JCPenney's board fired the company CEO 18 months ago. Frustrated with weak performance, they replaced him with the most famous person in retail at the time. Ron Johnson was running Apple's stores, which had the highest profit per square foot of any retail chain in America. Sure he would bring the Midas touch to JC Penney they gave him a $50M sign-on bonus and complete latitude to do as he wished.
Things didn't work out so well. Sales fell some 25%. The stock dropped 50%. So about 2 weeks ago the Board fired Ron Johnson.
The first mistake: Ron Johnson didn't try solving the real problem at JC Penney. He spent lavishly trying to remake the brand. He modernized the logo, upped the TV ad spend, spruced up stores and implemented a more consistent pricing strategy. But that all was designed to help JC Penney compete in traditional brick-and-mortar retail. Against traditional companies like Wal-Mart, Kohl's, Sears, etc. But that wasn't (and isn't) JC Penney's problem.
The problem in all of traditional retail is the growth of on-line. In a small margin business with high fixed costs, like traditional retail, even a small revenue loss has a big impact on net profit. For every 5% revenue decline 50-90% of that lost cash comes directly off the bottom line – because costs don't fall with revenues. And these days every quarter – every month – more and more customers are buying more and more stuff from Amazon.com and its on-line brethren rather than brick and mortar stores. It is these lost revenues that are destroying revenues and profits at Sears and JC Penney, and stagnating nearly everyone else including Wal-Mart.
Coming from the tech world, you would have expected CEO Johnson to recognize this problem and radically change the strategy, rather than messing with tactics. He should have looked to close stores to lower fixed costs, developed a powerful on-line presence and marketed hard to grab more customers showrooming or shopping from home. He should have targeted to grow JCP on-line, stealing revenues from other traditional retailers, while making the company more of a hybrid retailer that profitably met customer needs in stores, or on-line, as suits them. He should have used on-line retail to take customers from locked-in competitors unable to deal with "cannibalization."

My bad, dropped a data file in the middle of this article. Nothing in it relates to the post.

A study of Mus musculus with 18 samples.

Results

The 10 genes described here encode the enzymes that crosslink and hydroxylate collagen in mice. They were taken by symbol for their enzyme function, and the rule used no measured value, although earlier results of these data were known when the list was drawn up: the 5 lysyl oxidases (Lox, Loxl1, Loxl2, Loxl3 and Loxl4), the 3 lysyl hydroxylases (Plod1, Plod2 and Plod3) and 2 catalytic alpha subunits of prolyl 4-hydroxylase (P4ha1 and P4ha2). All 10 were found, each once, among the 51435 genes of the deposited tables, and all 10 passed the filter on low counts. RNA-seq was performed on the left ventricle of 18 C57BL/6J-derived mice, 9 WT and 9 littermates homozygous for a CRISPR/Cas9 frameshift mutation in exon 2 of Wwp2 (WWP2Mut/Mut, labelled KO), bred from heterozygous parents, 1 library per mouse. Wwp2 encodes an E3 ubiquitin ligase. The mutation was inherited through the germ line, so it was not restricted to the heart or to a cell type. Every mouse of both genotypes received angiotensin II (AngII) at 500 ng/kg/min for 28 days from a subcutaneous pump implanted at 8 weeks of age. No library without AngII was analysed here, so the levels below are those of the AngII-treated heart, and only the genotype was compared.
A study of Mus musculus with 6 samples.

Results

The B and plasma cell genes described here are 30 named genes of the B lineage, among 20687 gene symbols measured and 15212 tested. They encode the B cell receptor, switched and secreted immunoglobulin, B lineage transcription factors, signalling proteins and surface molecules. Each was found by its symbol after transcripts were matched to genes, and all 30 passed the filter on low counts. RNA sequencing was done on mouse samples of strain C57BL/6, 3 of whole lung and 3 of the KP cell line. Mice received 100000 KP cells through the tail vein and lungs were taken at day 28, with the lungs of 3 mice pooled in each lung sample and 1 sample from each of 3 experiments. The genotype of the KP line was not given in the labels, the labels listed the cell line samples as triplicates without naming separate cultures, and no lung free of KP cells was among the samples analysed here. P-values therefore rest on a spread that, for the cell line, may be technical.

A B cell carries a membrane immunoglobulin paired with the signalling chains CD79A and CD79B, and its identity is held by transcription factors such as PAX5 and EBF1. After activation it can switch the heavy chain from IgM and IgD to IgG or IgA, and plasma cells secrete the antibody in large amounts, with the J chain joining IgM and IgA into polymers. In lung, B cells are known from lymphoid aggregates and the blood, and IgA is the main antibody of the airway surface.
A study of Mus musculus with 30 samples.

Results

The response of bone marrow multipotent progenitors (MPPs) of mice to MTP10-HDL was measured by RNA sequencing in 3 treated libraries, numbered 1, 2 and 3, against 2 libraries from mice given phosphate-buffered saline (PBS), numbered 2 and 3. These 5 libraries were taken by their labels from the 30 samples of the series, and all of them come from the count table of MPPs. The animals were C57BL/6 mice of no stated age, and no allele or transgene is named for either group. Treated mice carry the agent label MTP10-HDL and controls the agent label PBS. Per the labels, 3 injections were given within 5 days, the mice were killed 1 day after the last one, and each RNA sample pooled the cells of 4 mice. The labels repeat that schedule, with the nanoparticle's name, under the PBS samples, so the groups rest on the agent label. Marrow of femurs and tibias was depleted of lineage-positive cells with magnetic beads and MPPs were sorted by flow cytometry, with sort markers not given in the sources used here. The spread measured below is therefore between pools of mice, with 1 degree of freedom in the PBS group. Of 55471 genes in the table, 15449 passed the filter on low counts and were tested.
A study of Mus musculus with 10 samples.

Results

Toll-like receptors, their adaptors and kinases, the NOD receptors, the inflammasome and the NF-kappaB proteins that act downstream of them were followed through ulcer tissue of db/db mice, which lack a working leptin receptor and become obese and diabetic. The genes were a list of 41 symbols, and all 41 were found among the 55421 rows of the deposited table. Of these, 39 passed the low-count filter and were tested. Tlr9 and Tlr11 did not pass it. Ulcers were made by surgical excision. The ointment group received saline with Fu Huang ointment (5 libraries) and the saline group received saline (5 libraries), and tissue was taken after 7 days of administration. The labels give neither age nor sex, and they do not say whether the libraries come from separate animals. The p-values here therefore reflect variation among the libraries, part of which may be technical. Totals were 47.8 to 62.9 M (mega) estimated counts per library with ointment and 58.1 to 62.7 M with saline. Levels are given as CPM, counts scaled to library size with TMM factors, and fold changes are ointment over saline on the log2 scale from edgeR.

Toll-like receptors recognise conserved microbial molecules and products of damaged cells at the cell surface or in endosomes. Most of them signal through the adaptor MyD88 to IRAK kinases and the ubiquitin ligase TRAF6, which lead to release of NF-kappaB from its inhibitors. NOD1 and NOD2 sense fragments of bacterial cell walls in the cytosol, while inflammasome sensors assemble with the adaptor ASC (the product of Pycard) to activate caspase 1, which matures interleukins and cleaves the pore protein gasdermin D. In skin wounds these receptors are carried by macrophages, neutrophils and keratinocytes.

No wonder the results tanked, and CEO Johnson was fired. Doing more of the tired, old strategies in a shifting market never works. In Apple parlance, he needed to be focused on an iPad strategy, when instead he kept trying to sell more Macs.
But now the Board has made its second mistake. Bringing back the old CEO, Myron Ullman, has deepened JP Penney's lock-in to that old, traditional and uncompetitve brick-and-mortar strategy. He intends to return to JCP's legacy, buy more newspaper coupons, and keep doing more of the same. While hoping for a better outcome.
What was that old description of insanity? Something about repeating yourself…..
Expectedly, Penney's stock dropped another 10% after announcing the old CEO would return. Investors are smart enough to recognize the retail market has shifted. That newsapaper coupons, circulars and traditional advertising is not enough to compete with on-line merchants which have lower fixed costs, faster inventory turns and wider product selection.
It certainly appears Mr. Johnson was not the right person to grow JC Penney. All the more reason JCP needs to accelerate its strategy toward the on-line retail trend. Going backward will only worsen an already terrible situation.